More than 40,000 Americans now die each year from opioid overdoses. These are preventable deaths. For this reason, deaths from opioid use/abuse have been dubbed The Opioid Crisis.
More than 88,000 Americans now die each year from alcohol-related causes. Twice as many as the deaths from opioid overdoses. These deaths are also preventable.
Alcohol use is the third leading cause of preventable deaths in the United States, behind only tobacco use and poor eating/exercise habits. So why aren’t governments and media outlets warning us (and taking action) about The Alcohol Crisis?
One word: money.
Big Alcohol is a $1 trillion per year global behemoth. That amount of clout can buy a lot of friends in government and a lot of friendly media coverage.
Alcohol use has always killed significant numbers of Americans. It’s toxic. It’s addictive.
It kills people through causing liver cirrhosis, cancer, and other diseases. Alcohol also kills because its intoxicating effects cause large numbers of fatal accidents.
In recent years, however, deaths from alcohol use are spiking. Why?
Two words: prescription drugs.
Big Pharma is another $1 trillion per year global behemoth. Thanks to its massive advertising and lobbying of physicians, nearly 70% of all Americans are on at least one prescription drug, and more than half take two or more. That Mayo Clinic study dates back to 2013. Meanwhile, 75% of Americans also use one or more over-the-counter medications.
Alcohol is contra-indicated with many of these drugs. That means using alcohol with these drugs will harm your health and increase the risk of death.
Big Alcohol + Big Pharma = more and more dead Americans.
There is also a Prescription Drug Crisis in the United States, but let’s focus on one crisis at a time. Fortunately, there is a readily available solution for The Alcohol Crisis.
Three words: The Cannabis Cure.
Cannabis is not toxic. Cannabis is not addictive. Cannabis is not contra-indicated with any pharmaceutical product.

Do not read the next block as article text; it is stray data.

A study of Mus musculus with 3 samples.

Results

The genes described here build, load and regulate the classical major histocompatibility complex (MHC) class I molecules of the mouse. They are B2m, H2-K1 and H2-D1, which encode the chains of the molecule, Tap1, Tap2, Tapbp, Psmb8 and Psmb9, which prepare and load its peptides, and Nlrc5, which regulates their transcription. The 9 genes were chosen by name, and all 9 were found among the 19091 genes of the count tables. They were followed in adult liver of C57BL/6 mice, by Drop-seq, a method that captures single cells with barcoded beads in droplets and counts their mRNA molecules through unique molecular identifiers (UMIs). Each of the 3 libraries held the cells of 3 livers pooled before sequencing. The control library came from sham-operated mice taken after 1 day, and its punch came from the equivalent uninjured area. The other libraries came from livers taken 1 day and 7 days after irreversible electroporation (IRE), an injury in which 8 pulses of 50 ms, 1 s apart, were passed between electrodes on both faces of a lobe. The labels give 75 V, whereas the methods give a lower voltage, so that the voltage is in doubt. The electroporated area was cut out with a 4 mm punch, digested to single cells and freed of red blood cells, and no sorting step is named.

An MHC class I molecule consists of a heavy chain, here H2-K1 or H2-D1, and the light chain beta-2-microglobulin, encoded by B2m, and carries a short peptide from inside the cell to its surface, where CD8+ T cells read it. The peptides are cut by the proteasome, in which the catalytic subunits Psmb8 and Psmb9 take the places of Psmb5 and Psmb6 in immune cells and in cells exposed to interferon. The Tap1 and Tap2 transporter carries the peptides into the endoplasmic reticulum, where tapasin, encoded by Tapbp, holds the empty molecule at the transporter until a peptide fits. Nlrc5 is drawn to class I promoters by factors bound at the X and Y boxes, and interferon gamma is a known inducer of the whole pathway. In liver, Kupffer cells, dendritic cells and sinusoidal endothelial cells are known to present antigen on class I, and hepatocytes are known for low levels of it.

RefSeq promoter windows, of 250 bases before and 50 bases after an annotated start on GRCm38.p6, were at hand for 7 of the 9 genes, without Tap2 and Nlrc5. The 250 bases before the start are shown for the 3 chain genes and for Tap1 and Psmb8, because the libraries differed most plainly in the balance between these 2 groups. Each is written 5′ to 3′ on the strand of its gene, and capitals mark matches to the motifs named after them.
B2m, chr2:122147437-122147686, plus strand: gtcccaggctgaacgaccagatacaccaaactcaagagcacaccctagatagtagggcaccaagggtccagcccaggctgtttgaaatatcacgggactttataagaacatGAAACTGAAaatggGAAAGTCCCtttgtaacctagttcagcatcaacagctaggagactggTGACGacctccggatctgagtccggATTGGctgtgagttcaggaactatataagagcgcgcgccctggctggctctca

For these reasons, cannabis is already becoming the drug-of-choice among educated professionals. For these reasons, cannabis is already becoming a new consumer tradition among Americans – even in states that have not yet legalized cannabis.
Americans want to consume cannabis products. Increasingly, they want to consume cannabis as an alternative to alcohol. A May 2019 report from Cowen Equity Research indicated that 64% of Americans who consume cannabis reported decreasing their alcohol use as a result.
Replacing alcohol with cannabis goes well beyond reducing the odds of an alcohol-related death.
Alcohol impairs our sleep. Cannabis helps us sleep.
Alcohol is associated with weight-gain and obesity. Increasing evidence shows that cannabis helps to improve the metabolism and promote weight-loss.
Alcohol use is associated with increased aggression, violence, and domestic strife. Cannabis helps people mellow-out.
Indeed, if any civilized society was allowed to choose only one legal drug for recreational use, that drug would obviously be cannabis – not alcohol.
That’s the health and consumer data. Now the economics.
The Seed Investor has previously crunched the numbers here. If just 15% of global alcohol consumption moved to cannabis, that would be an additional $150 billion per year in cannabis sales revenues.
That figure is larger than the biggest estimates of the total potential size of the global cannabis market. And it equates to substituting cannabis for alcohol only one day per week.
Over the long term, a much larger shift in consumption is inevitable. It’s why Big Alcohol is already aggressively buying its way into Canada’s legal cannabis industry.
In the United States, annual alcohol revenues are well over $200 billion per year. A 15% move to cannabis would be roughly an additional $35 billion per year in U.S. cannabis revenues.
In Canada, a similar move would generate more than CAD$3 billion in new cannabis revenues.
Big dollars. Big potential investor profits.
Governments can help make this happen. A recent Seed Investor article pointed to the numerous public policy arguments in favor of low tax rates for cannabis products.
Through moderate cannabis taxation, Colorado is one of the few U.S. states winning the battle in shrinking its cannabis black market.
Low taxes make legal cannabis products price-competitive with black market cannabis. Low cannabis taxes would also make legal cannabis more competitive with alcohol products. That would encourage more consumers to move from alcohol to cannabis – and save more lives.
The national legalization of cannabis in the U.S. a possibility before the end of 2019. Should that happen, the shift from alcohol to cannabis will rapidly accelerate.
The Alcohol Crisis is a bigger/worse crisis than The Opioid Crisis, by any metrics. Alcohol use generates numerous social, legal, health and economic problems.
Cannabis is already seen as one of the greatest hopes in alleviating The Opioid Crisis. No one is talking (yet) about the enormous potential for cannabis to cure The Alcohol Crisis. No one is talking (yet) about the enormous revenue potential as cannabis consumption replaces alcohol use.
Investors positioning themselves in the cannabis sector today can take advantage of this information gap. With cannabis stock valuations at rock-bottom levels, the opportunity to profit from this trend parallels the potential to save lives.